This course, designed for students in human services fields who work with older adults and their families, and students considering gerontology as a vocation, is an overview of the field. Topics include understanding the physiological, psychological, and sociological aspects of aging, as well as the myths about aging, health and social needs of the aging, and community resources and programs.
4 Undergraduate credits
Effective May 4, 2022 to present
Meets graduation requirements for
- Will be familiar with adult development stages and theoretical frameworks of aging.
- Will know basic demographics of our aging population and understand historical aspects of age relations in America.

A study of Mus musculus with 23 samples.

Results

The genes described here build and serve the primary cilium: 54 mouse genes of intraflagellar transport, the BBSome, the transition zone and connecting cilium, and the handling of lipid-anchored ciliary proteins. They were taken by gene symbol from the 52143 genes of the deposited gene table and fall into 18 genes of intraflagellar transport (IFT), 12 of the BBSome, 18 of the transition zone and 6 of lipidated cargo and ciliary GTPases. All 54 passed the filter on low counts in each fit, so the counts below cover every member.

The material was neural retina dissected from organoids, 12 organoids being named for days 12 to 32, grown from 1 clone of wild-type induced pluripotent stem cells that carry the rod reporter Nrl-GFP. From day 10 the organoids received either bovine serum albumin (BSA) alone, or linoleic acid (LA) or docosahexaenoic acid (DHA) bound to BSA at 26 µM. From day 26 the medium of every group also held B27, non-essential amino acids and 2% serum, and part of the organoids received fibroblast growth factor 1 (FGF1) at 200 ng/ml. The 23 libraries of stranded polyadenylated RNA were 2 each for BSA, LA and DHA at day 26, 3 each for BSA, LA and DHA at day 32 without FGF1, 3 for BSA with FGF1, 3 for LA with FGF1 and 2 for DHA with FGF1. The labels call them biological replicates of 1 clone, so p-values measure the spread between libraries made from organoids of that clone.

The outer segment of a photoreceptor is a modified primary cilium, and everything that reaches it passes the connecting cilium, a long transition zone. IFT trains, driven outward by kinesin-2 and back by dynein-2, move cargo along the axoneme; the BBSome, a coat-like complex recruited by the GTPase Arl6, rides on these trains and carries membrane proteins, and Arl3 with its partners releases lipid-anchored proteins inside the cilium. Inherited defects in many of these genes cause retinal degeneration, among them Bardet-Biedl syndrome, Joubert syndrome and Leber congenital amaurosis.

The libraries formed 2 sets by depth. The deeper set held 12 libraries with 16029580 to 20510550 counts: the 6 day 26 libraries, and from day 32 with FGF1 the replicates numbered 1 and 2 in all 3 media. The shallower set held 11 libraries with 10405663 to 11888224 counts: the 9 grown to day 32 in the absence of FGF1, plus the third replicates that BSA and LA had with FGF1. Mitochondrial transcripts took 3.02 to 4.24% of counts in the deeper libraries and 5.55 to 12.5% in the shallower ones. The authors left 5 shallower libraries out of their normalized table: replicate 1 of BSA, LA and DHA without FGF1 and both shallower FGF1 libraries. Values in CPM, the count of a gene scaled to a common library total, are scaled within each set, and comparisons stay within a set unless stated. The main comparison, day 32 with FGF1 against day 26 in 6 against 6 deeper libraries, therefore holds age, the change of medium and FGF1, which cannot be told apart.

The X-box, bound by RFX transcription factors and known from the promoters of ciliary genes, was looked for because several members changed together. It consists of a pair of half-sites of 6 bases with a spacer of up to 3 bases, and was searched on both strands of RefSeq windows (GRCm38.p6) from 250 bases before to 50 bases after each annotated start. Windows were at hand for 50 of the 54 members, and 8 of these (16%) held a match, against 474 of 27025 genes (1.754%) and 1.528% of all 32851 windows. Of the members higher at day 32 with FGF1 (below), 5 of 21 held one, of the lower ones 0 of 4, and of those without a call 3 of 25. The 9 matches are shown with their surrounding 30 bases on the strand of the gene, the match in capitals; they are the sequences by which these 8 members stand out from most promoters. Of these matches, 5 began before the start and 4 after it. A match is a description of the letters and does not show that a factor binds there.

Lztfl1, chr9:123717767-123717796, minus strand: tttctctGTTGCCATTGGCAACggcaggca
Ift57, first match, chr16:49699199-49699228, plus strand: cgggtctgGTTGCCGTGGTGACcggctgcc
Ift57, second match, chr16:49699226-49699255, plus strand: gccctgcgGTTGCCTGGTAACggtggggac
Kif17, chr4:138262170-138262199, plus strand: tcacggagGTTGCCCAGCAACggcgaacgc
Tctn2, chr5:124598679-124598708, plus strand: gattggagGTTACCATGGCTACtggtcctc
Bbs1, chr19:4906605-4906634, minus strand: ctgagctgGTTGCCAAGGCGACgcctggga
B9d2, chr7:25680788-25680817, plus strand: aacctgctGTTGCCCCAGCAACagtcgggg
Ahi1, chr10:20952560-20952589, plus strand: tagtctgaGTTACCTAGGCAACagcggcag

- Will recognize ageism in the culture and be able to identify myths and stereotypes of aging.
- Will know and understand some of the basic issues affecting the lives of aging Americans (including economics, illness/wellness, employment/retirement, living environments, care giving, women and multicultural groups, death/dying/bereavement/widowhood, and public policy).
- Will understand the functions of the federal, state, and local planning bodies and aging and be able to identify basic advocacy strategies.
- Will understand the longevity dividend and the significant contributions of older adults to our society.
- Employ the methods and data that historians and social and behavioral scientists use to investigate the human condition.
- Examine social institutions and processes across a range of historical periods and cultures.
- Use and critique alternative explanatory systems or theories.
- Develop and communicate alternative explanations or solutions for contemporary social issues.